Game of Death Image

Game of Death

By Anthony Ray Bench | March 16, 2017

After being a bit disappointed that The Belko Experiment wasn’t the dark comedy I was promised with the very misleading “Office Space meets Battle Royale” tagline, Game of Death satiated my appetite for a hilariously demented bloodbath extravaganza. This movie felt like a return to the cheesy 80’s horror films with outlandish premises like Death Spa, Shocker, and Death Bed: The Bed That Eats (not an 80’s film, but close enough), just with a stylish upgrade that reminded me of something from an early 1990’s music video.

The premise of the film finds seven teenagers staying at a vacation house in an isolated lake town. The teenagers come across an old looking board game with strange instructions. They have to put their fingers on the board to play, and suddenly all seven are pricked with a needle; the game absorbs their blood and states that they must kill someone in small window of time; otherwise they’ll each meet their demise one by one. After finding out firsthand the very bloody consequences of what happens if they ignore the rules, the teens set off to score 24 kills in order to end the game.

“…horror fans will appreciate the nostalgic qualities, and get a kick out of its originality.”

First, I should get this out of the way; a majority of the characters are vapid and unlikeable, but honestly I get the vibe that that’s what the writer’s were going for. You’re about as invested in these characters as you are with the victims of a Friday the 13th sequel; you see them act stupid and obnoxious, and you can’t wait to see them get their comeuppance. These are the millennial equivalents to the promiscuous teens Jason chops up; they’re just gore fodder. We have Tom played by Sam Earle; he’s a really creepy chronic masturbator who is all too comfortable transitioning into a psychotic serial killer in order to save himself and more importantly his sister, Beth. Victoria Diamond plays Beth, and this character was the most interesting in my opinion. Tom seems to have incestuous feelings for Beth and she comes off as cold and heartless until she’s faced with actually following through and murdering someone; Tom’s there to goad her into doing what needs to be done, but her reluctance makes for a fairly interesting character. Tyler and Ashley (played by Erniel Baez Duenas and Emelia Hellman) are the more virtuous voices of reason; despite not wanting to die, they don’t feel full comfortable taking other people’s lives, and are more into the idea of finding another option. There’ also Ashley’s meathead boyfriend, Matthew (played by Thomas Vallieres), and then there’s Kenny and Mary-Ann (played by Nick Serino and Catherine Saindon; Kenny acting somewhat as the goofy comedic relief character, and Mary-Ann, his girlfriend. Before they find the Game of Death board game, we see the characters making snapchat-esque videos, playing spin-the-bottle for lap dances getting high, pranking each other, talking candidly about sex…you know, doing all the things that’ll guarantee you’re going to get killed in a horror movie. There’s not much more to say, it is what it is here, and all the actors do a fine job, but like I said, they’re very vapid and obnoxious. I wasn’t bothered by them, and the carnage comes pretty quick so if you find yourself feeling that the characters are insufferable, chances are they’re not going to be in the film very long anyway. About the only person I ever cared about was the hapless Forrest Ranger Marilynn (played by Jane Hackett) and her adorable English bulldog, Winston; I found this character to be just the right amount of goofy.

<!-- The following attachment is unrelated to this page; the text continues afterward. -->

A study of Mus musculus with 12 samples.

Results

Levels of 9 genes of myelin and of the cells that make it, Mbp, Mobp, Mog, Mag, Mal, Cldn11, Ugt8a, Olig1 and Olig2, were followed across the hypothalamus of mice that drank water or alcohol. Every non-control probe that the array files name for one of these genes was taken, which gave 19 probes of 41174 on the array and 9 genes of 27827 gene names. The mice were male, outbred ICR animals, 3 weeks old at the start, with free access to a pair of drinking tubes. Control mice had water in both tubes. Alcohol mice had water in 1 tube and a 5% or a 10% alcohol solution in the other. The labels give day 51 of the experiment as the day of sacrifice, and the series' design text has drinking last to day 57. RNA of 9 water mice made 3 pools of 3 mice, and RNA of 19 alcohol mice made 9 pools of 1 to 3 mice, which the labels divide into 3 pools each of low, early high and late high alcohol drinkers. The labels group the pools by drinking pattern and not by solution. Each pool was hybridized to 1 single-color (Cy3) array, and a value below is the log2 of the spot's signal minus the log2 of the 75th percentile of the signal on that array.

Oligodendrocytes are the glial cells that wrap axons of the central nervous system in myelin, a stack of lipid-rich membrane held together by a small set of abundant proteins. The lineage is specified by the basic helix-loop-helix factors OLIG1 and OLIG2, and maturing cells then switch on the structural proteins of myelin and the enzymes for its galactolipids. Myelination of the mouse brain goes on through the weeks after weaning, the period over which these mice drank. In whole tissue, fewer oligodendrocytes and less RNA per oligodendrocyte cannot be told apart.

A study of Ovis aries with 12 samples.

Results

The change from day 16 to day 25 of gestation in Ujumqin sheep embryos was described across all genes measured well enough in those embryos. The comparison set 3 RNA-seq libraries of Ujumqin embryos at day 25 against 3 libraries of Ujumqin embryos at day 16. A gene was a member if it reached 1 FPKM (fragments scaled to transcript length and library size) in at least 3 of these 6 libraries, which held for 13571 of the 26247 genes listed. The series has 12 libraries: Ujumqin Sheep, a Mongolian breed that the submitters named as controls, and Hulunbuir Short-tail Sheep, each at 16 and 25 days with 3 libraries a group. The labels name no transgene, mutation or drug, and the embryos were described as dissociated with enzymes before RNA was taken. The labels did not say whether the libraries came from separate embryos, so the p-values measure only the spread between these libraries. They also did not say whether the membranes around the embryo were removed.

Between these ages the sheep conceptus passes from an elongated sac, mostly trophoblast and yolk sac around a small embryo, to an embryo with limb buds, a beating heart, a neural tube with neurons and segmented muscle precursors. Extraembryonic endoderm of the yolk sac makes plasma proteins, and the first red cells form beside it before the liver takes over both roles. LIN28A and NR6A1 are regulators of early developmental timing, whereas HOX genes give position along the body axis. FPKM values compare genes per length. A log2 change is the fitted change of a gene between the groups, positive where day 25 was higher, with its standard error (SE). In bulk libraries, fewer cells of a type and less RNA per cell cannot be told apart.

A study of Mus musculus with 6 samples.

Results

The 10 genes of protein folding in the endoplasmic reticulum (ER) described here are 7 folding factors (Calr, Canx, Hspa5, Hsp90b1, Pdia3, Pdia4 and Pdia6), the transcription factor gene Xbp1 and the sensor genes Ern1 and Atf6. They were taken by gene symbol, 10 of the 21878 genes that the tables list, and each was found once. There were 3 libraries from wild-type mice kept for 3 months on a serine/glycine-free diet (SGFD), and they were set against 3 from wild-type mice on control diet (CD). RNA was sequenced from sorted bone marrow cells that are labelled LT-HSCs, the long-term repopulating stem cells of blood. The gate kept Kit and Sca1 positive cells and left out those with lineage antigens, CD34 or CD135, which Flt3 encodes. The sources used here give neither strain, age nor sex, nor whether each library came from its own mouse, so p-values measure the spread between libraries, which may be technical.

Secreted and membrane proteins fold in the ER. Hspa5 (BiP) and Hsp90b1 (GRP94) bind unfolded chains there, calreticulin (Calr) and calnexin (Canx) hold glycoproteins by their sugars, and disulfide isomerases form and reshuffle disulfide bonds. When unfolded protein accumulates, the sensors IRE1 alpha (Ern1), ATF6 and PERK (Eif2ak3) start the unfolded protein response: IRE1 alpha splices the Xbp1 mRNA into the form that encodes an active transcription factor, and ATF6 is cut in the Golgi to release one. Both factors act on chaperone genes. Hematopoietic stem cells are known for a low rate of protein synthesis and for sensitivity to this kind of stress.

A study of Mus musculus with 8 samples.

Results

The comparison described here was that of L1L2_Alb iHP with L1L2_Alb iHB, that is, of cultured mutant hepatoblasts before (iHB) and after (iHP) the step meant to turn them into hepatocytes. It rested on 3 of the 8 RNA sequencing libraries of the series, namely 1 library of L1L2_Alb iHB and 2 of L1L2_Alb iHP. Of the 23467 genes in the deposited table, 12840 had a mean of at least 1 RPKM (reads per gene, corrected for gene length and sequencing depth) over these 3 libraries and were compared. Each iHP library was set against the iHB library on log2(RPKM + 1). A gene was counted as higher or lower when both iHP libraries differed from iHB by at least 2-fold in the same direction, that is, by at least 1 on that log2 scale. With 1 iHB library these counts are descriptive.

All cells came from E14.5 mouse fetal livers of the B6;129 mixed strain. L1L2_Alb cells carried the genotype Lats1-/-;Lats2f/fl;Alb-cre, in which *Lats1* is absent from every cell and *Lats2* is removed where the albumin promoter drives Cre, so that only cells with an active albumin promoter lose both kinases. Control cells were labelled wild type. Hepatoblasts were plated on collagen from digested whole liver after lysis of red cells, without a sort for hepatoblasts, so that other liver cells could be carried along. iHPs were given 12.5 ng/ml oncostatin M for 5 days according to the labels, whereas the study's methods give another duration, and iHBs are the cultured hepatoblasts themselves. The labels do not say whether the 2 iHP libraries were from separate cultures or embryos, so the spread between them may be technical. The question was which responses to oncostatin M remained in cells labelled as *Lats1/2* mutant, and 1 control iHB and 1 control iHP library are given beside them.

Once the film kicks into high gear, it’s a bloody good time. I don’t want to spoil the ending, but it’s pretty batshit crazy. The credit scene is this wonderfully animated 16-bit sequence that looks straight out of a Super Nintendo, and out of nowhere the climax of the film kicks into this strange mix of 9-bit and 3D animation that gives it a really unique look and feel. You’re not supposed to take this film seriously like The Belko Experiment, you’re supposed to settle down and have a just have a good time while the craziness continues to escalate. There’s also some weird s**t involving cutaways to a nature documentary featuring Manatees. Maybe that had some symbolic meaning behind it, but it was entirely lost to me. It wasn’t too distracting; it was just a bit odd.

I hope this film does well, and there’s a sequel with a bigger budget; I feel like this film was hindered by budget constraints, so it didn’t go full-blown postal. It felt a bit reserved when it came to the deaths, as a majority of them near the ending seemed to take place off screen. I’d love to see a sequel set outside of a small-town, and maybe in a busy city, or a residential suburb. It just felt like the small-town lake house was more of a necessity and not a choice that truly serves the story and concept. All in all, this was a really fun movie with really cool ideas. I think horror fans will appreciate the nostalgic qualities, and get a kick out of its originality. It’s not perfect, but it’s an entertaining addition to the genre.

Game of Death (2017) Directed by: Sebastien Landry, Laurence Morais-Lagace. Written by: Edouard H. Bond, Sebastien Landry, Laurence Morais-Lagace, Philip Kalin-Hajdu. Starring: Sam Earle, Victoria Diamond, Thomas Vallieres, Erniel Baez Duenas, Catherine Saindon, Jane Hackett.

8 out of 10

Game of Death premiered at the 2017 SXSW Film Festival.